The Australian share market has suffered another day of carnage after US President Donald Trump's stimulus news failed to ease concerns about the economic impact of the coronavirus pandemic.
In percentage terms it was the worst losses for the ASX200 since October, 10 2008, surpassing Monday's 7.33 per cent selloff.
The Australian dollar meanwhile was buying 64.55 US cents, down from 65.05 US cents from at the market close on Wednesday.
The losses deepened this morning after Prime Minister Scott Morrison unveiled his $17.6 billion stimulus package.
There was a brief upswing on news Mr Trump would make an address at noon Australian time - then it plunged after he said the pandemic was not a financial crisis and announced a 30 day travel ban to Europe.
CommSec market analyst James Tao said investors had been hoping for more detail Mr Trump's major stimulus package and those hopes were dashed pretty quickly.
"There was some expectation that he might give a bit more detail about the financial side of things but that didn't really come through," he told AAP.
Energy, materials, consumer discretionary and health care stocks were smashed on Thursday but the panic sell was across the board.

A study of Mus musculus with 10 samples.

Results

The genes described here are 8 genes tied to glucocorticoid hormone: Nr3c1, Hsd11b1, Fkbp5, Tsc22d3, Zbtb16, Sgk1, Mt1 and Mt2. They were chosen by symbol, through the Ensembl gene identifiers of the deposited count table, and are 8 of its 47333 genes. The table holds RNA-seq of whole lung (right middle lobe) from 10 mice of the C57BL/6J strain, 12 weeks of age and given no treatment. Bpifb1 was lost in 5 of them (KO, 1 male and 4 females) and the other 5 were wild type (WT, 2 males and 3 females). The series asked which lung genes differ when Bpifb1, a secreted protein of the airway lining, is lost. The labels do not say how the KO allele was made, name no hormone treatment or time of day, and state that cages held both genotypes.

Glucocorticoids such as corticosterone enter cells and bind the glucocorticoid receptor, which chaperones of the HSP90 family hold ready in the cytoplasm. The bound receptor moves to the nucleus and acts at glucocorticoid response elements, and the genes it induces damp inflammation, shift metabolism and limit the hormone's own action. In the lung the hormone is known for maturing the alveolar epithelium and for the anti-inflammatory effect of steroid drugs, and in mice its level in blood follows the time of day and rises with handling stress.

Woodside fell 54 cents to $20.46 and BHP lost 96 cents to $27.56 at noon. BlueScope gained again, rising nine cents to $10.28.
Supermarket giant Woolworths was also among the few stocks on the rise just after midday.
It was 38.5 cents, or 1.07 per cent, higher at $36.43 at 1210 AEDT while rival Coles was nine cents, or 0.59 per cent, lower at $15.18.
Gold miners were hammered on Thursday after gold prices fell overnight as traders sold the precious metal to cover margins for stock markets shaken by the global spread of coronavirus.
Newcrest had fallen $1.65, or 6.2 per cent, to $24.98 by 1210 AEDT while Northern Star dropped 58.5 cents, or 4.5 per cent, to $12.405.
US equity markets plunged on Wednesday after details of a promised major US government stimulus response failed to appear and the World Health Organisation declared Covid-19 a pandemic.
The Australian dollar was buying 64.60 US cents at 1310 AEDT on Thursday, down from 65.05 US cents from at the market close on Wednesday.